China’s outbound mergers and acquisitions are likely to decline slightly this year, due to the changing global environment, experts said.
Chinese companies’ interest in going overseas or acquiring companies outside of China is still very high, but the overall number and value of deals will be reduced, due to Western countries’ changing attitudes toward Chinese investment, said Edward Tse, founder and CEO of Gao Feng Advisory Co, a global strategy and management consultant.
“Chinese companies’ overseas investment will certainly be lower than the peak level in 2016, but I don’t think there is going to be dramatic drop,” he said.
Last year, China’s outbound M&A surged by 142 percent in volume and by 246 percent in value, to a record $221 billion, according to a recent report by PricewaterhouseCoopers.
A report by Rhodium Group said the European Union continues to be a favorite destination of Chinese investors, with more than 35 billion euros ($36.9 billion) of outward foreign direct investment transactions last year — an increase of 77 percent from 2015.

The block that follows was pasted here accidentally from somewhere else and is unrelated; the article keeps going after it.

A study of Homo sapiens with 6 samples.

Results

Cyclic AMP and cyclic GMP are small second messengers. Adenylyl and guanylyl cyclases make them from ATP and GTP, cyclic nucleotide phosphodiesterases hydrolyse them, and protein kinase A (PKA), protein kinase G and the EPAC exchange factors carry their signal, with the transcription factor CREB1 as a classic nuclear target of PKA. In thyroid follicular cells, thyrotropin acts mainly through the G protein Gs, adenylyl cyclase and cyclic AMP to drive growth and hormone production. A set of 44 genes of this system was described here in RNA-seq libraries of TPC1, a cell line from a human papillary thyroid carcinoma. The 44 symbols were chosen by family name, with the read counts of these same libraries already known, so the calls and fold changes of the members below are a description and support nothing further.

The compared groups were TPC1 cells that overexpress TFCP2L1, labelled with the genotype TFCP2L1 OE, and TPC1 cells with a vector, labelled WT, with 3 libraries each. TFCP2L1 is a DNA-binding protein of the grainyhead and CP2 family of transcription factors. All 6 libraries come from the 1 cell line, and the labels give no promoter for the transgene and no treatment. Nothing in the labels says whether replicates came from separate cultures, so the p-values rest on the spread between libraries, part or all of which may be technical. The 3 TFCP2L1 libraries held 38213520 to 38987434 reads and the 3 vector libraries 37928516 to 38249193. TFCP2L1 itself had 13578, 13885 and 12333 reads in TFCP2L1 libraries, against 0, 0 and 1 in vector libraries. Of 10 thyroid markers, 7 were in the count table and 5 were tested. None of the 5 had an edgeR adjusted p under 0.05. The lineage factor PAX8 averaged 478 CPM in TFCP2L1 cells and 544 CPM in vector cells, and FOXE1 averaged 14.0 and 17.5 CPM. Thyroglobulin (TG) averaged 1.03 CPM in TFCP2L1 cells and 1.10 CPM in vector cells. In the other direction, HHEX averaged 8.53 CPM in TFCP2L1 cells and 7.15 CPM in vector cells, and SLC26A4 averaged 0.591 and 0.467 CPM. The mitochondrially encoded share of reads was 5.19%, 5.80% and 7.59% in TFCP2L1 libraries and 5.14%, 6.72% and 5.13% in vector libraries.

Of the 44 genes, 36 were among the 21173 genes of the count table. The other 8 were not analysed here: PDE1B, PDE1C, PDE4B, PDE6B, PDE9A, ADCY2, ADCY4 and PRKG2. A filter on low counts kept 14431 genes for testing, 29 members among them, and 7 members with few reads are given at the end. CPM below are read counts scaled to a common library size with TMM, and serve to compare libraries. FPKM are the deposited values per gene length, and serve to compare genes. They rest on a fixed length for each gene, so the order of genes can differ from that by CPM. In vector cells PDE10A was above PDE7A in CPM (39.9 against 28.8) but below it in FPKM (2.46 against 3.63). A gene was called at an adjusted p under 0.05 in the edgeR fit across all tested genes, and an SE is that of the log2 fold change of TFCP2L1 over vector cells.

Germany and the United Kingdom accounted for more than half of total incoming Chinese investment last year.
The United States was the largest recipient of Chinese outbound foreign direct investment last year, with $45.6 billion in completed acquisitions and greenfield investments. However, President Donald Trump has said the US will take a tougher stance toward Chinese companies.
Joerg Wuttke, president of the European Union Chamber of Commerce in China, said that to date, EU authorities have not rejected any major investment in the EU. He said the EU is becoming increasingly worried about state intervention in international investments in its economy, and rising populism is putting pressure on decision-makers.
He said the EU member states should remain open and make sure that international investors in the EU have a predictable and transparent investment environment.
“For Chinese companies, it is important to see that their investment ideas in Europe are basically accepted and are granted in the right and proper legal setting,” he said.
Hu Tianlong, a research fellow with the International Monetary Institute of Renmin University of China, said M&A deals in technology industries worldwide will be more difficult for Chinese companies this year.